The Chinese Experience in 19th Century America

19th Century American Ideas About Other Peoples

Chinese Exclusion: The Process

Exclusion: Chinese Perspectives



Popular Literature: Bret Harte and Jacob Riis

The poem written by Bret Harte in 1871 entitled The Heathen Chinee and the excerpt from Jacob Riis’ How the Other Half Lives are examples of narrative pieces that were popular in the second half of the 19th century and influenced people’s perceptions of the Chinese. Have students read one or both of the pieces.

The Heathen Chinee

The Harte poem was immensely popular and widely circulated (it cost only 25 cents) and brought the term “heathen” into popular usage to refer to Chinese and Chinese Americans.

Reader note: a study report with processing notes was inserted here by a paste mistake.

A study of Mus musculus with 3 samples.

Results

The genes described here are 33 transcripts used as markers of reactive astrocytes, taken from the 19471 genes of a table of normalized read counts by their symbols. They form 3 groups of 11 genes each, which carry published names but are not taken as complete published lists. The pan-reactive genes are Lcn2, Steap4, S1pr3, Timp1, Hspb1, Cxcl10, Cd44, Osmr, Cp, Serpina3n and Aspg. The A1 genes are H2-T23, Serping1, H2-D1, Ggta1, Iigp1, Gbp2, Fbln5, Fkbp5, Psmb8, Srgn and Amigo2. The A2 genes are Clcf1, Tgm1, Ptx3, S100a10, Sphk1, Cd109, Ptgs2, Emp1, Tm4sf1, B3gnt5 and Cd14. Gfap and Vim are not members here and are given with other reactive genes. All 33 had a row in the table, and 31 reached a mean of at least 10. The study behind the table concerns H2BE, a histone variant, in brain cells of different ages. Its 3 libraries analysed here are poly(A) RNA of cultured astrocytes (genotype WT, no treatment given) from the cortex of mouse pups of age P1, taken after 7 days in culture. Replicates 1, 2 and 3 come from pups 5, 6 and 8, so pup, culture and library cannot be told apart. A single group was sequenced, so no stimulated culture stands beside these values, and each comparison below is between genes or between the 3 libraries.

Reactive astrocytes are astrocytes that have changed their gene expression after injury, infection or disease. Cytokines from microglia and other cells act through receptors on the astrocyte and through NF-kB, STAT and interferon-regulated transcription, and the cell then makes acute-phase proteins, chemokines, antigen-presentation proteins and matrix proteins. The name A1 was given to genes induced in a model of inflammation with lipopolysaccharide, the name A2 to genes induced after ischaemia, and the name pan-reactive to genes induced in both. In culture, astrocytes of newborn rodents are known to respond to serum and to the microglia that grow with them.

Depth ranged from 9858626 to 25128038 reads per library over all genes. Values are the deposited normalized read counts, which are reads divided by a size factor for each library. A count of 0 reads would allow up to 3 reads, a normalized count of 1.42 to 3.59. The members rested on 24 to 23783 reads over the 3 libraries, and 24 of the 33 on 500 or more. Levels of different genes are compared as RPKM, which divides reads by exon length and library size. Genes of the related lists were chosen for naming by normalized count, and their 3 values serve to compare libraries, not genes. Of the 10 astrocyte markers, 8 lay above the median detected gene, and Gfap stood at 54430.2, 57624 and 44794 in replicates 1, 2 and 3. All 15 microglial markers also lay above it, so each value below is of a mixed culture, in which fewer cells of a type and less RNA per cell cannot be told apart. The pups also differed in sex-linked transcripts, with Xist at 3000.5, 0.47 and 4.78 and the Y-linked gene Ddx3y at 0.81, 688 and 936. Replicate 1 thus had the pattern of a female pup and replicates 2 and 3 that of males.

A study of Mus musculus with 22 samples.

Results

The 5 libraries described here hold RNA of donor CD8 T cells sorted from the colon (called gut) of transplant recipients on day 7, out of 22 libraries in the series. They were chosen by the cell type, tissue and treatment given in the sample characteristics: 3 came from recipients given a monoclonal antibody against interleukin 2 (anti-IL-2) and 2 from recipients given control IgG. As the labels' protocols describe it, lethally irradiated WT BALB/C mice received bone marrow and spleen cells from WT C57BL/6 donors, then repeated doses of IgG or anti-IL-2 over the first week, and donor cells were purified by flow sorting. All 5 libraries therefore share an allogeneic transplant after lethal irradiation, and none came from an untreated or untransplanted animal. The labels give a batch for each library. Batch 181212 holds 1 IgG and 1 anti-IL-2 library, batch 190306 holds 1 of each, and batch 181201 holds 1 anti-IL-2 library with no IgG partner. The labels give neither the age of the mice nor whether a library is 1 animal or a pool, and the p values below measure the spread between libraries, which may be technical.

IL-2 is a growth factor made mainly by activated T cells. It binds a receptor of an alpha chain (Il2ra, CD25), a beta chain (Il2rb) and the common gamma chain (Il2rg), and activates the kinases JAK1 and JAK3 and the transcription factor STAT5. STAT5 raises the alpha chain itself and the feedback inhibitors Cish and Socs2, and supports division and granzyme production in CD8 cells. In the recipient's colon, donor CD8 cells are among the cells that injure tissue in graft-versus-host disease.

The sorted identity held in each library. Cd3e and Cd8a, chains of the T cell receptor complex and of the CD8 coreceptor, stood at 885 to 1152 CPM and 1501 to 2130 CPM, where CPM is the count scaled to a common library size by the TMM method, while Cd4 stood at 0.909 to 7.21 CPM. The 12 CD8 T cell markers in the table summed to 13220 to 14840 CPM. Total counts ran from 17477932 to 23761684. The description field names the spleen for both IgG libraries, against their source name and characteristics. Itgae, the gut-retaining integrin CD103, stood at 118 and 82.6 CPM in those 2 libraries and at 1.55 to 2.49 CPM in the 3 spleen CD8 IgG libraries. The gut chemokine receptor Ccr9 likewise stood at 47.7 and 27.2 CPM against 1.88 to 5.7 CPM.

The questions accompanying the poem ask the students to think about what message the reader would take from the piece and why the reader might do so.

How the Other Half Lives

If possible, show or pass around a copy of the book How the Other Half Lives and give the students a brief introduction to Riis and his aims in publishing the work. The book is widely available at libraries and can also be found in hypertext on the Internet.

Divide students into groups to read the passage. After reading the passage, each group should sketch a scene of Chinatown as it is depicted by Riis. Students should write on their sketch three sentences or phrases from the reading that describes the scene they have drawn.

The Biography of a Chinaman, a reading in the lesson on Chinese Perspectives offers a Chinese view of Americans. The author, Lee Chew, was a Chinese immigrant who worked many jobs as he moved across the country from California to New York where he ended up as a merchant in Chinatown. His view is an interesting contrast to Riis’ characterization of the Chinese.